Hardworking. Ambitious. Resilient.
These were the words I am proud to call myself. They have a much different meaning these days than they did when I was in my twenties, prior to becoming a mom. These words evolved even more as my son approached two years old. We have all heard that all of a sudden, a light switch turns on and they become a little person. They start to have preferences that are vocalized through speech, they reiterate cause and effect, and they can finally tell you they love you in their sweet little pitchy voices.
The First Year
I returned to work soon after my son was born because I had not reached the one year milestone at my company before giving birth. After being out for six weeks learning how to be a mother, that year flew by. Every day, I was trying to juggle constant schedule changes and feeding habits. Every month was different, and to be quite frank, difficult. Difficult in the sense that change was the only constant. There was no room for advancing careers or graduate degree plans at this point. I’m not even going to start on the emotional and physical changes I was going through.
The Second Year
As much love as I had for the first year, leading up to my son’s second birthday was when the real fun started. Schedules became a bit more predictable and he was always learning new things. However, this year was even more hectic. Daycare was reporting biting and even though they constantly ensured me this was a phase, it still kept me up half the night. The “MINE!” phase also started and he was even more spirited. Again, I did not have time to think about advancing my career or basically anything for myself.
As we passed his 2nd birthday, I felt a huge relief. Maybe chemically my body and mind were returning to its “normal” state. Maybe psychologically I was worrying less because he can verbalize his wants and things that happen to him. Whatever it was, my new normal was setting in. What does this mean?
To me, it meant the opportunity to really do me again. One of those things meant to go back to work. REALLY go back to work, not just going through the motions and crying because of working mom guilt. This meant that I needed to speak to my manager about possible mobility and advancement, but first I needed to have an honest conversation with myself.
What Do You Want to Do?
This has always been a question I had been repeatedly presented with throughout my career. Now I had to ask myself this and really answer it. In the past, I was young, inexperienced, and had the ability to go where the opportunities took me. This time I had to be as honest with myself. What did I want to do? Surely there were C level executives that juggled motherhood as well as any mom, right? This was what I needed to explore.
Was I ready to hire help? Did I still truly have the passion to try and reach high-level executive status of my current company? Was I still willing to put in the long hours or late nights?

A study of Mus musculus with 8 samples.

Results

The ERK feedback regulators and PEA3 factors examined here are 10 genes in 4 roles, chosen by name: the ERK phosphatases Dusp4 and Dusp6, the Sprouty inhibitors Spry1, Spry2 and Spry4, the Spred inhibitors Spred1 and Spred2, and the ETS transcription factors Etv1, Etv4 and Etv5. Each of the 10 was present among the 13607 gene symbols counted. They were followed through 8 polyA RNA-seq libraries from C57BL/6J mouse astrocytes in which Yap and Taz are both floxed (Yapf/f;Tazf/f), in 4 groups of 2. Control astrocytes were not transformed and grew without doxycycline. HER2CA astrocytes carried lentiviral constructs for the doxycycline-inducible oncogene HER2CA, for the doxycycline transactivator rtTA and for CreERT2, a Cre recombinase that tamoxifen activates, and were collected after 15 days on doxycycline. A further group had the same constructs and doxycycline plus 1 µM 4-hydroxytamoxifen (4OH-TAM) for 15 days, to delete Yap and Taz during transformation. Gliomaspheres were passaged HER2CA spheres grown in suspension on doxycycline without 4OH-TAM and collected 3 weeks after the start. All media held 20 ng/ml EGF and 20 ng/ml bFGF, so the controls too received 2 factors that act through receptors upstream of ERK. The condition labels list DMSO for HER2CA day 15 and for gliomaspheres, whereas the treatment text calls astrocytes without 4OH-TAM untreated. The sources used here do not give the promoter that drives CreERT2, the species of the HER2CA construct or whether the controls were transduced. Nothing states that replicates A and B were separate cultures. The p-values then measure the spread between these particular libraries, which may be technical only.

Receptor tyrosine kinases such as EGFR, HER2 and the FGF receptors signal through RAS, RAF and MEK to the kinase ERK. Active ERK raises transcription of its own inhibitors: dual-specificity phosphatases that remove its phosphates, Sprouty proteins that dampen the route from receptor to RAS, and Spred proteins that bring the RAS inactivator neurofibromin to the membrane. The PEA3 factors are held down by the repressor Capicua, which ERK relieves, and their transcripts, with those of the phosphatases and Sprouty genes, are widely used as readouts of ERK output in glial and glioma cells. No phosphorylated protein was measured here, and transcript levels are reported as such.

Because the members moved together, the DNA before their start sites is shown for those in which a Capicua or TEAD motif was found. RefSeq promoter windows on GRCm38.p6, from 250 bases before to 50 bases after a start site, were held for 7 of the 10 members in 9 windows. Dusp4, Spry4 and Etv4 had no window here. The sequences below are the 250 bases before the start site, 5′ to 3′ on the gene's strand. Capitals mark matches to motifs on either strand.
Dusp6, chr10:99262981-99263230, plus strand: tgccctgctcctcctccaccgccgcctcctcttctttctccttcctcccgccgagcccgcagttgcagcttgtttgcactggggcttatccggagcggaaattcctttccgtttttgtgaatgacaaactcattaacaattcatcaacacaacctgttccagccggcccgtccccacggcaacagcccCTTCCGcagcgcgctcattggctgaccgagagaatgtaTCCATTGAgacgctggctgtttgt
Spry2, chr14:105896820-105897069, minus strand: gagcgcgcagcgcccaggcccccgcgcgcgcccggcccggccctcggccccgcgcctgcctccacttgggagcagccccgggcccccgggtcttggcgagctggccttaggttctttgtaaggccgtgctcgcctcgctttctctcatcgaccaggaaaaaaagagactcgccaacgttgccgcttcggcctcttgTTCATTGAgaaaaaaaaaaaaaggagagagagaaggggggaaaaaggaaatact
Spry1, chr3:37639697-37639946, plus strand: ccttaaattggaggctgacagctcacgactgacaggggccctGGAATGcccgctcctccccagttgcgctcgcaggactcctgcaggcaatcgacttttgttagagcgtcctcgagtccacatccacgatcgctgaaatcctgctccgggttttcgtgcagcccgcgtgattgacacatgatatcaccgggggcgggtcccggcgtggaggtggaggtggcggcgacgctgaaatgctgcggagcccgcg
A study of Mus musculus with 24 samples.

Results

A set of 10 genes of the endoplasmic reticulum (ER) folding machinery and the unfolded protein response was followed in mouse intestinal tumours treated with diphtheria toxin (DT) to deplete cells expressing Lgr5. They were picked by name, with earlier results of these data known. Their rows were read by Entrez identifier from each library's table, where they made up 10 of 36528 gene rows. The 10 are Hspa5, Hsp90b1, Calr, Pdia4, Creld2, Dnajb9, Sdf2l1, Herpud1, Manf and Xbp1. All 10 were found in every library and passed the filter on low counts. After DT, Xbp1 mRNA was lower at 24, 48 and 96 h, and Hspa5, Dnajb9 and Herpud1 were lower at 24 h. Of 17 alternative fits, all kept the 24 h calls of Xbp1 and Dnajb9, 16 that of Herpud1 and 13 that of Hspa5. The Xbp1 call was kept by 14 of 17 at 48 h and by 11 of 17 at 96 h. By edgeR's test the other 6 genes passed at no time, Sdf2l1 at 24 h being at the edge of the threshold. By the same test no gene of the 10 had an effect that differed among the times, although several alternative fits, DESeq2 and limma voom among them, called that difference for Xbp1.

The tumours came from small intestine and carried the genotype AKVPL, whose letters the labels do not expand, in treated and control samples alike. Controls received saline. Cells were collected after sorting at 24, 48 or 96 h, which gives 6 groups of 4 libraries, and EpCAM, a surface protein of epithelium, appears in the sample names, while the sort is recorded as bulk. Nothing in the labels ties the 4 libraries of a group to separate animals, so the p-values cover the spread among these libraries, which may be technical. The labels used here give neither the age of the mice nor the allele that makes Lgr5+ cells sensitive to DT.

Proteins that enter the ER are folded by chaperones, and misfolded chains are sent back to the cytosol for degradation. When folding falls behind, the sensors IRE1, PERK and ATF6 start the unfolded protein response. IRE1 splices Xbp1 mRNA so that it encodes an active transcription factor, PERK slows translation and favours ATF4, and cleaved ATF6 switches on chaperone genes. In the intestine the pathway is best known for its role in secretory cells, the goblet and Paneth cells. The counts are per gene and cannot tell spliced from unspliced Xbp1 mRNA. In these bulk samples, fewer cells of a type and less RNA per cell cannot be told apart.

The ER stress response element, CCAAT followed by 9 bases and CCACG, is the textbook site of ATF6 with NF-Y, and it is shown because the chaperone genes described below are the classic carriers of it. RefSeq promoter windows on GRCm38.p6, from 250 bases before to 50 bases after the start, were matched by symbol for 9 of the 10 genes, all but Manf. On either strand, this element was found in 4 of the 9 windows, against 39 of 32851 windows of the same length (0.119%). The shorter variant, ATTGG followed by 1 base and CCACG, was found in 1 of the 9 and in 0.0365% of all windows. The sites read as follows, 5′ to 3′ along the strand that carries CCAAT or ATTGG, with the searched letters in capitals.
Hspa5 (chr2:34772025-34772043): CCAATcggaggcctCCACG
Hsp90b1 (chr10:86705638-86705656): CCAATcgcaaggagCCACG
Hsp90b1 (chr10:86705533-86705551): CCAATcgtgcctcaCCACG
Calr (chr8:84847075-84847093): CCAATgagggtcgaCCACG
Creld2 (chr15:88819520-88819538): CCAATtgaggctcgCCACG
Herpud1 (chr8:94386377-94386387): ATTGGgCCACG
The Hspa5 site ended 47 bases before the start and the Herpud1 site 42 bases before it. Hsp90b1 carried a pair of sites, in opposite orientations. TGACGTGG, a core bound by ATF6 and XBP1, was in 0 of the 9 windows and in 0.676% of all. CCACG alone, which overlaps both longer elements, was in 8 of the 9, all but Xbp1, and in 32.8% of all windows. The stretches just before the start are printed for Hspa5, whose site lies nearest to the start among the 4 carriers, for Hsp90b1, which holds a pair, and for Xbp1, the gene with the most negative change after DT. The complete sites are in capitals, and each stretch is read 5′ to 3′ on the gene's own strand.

The words meant different this time. Hardworking meant packing the right lunches. Ambitious meant handmade outfits for back to back themed days. Resilient meant 5AM wake ups during growth spurts and still not falling asleep on conference calls.
What I did want to do was get my MBA from a prestigious business school, advance quickly in my career to be one of the young vice presidents, and make a name for myself in a male dominated industry. I knew I still wanted all these things, but I had to be honest with myself and my employer.
Adjusting To My New Normal as a Working Mom
It would be completely unrealistic of me to think that I could still obtain these things the same way and in the same time frame. We all have different situations and the one thing I always worried about was heading into my “ideal” path but missing out on life with my son. So I adjusted. I started an MBA program that was primarily online, with a faster pace – which meant I really had to work on time management, and I could spend every night tucking in my son.
Prior to becoming a working mom, my message to my employer was always “whatever you need, I can do it”. This time around, I was completely honest and told them I would like to advance in my career but on a team that allowed me to stop answering emails between 4 and 8 in the evening. I also needed a team that understands I won’t be coming in at 8am sharp and I will be leaving right at 5pm. I want to work for a team that understands I will have to leave in the middle of the day or have emergency off days. The last thing I wanted was to have working mom guilt and guilt slipping as a team member.
Working full-time as a parent is so incredibly hard. Being a parent is incredibly hard. Discussions after being a working mother has become not only different but more difficult. While I was pregnant, a female co-worker stepped down and took a “lesser” role on a different team. I questioned her decision to myself, but now I get it. I get how much the traveling weighed her down and I get why she rather go back to the hotel room instead of eat dinner with us. I get why parents turn down promotions or say ‘no thanks’ to another company’s offer.
After lots of tears and internal struggles, I decided that at this particular moment in my relationship with my son, slowing down my plans isn’t such a bad idea.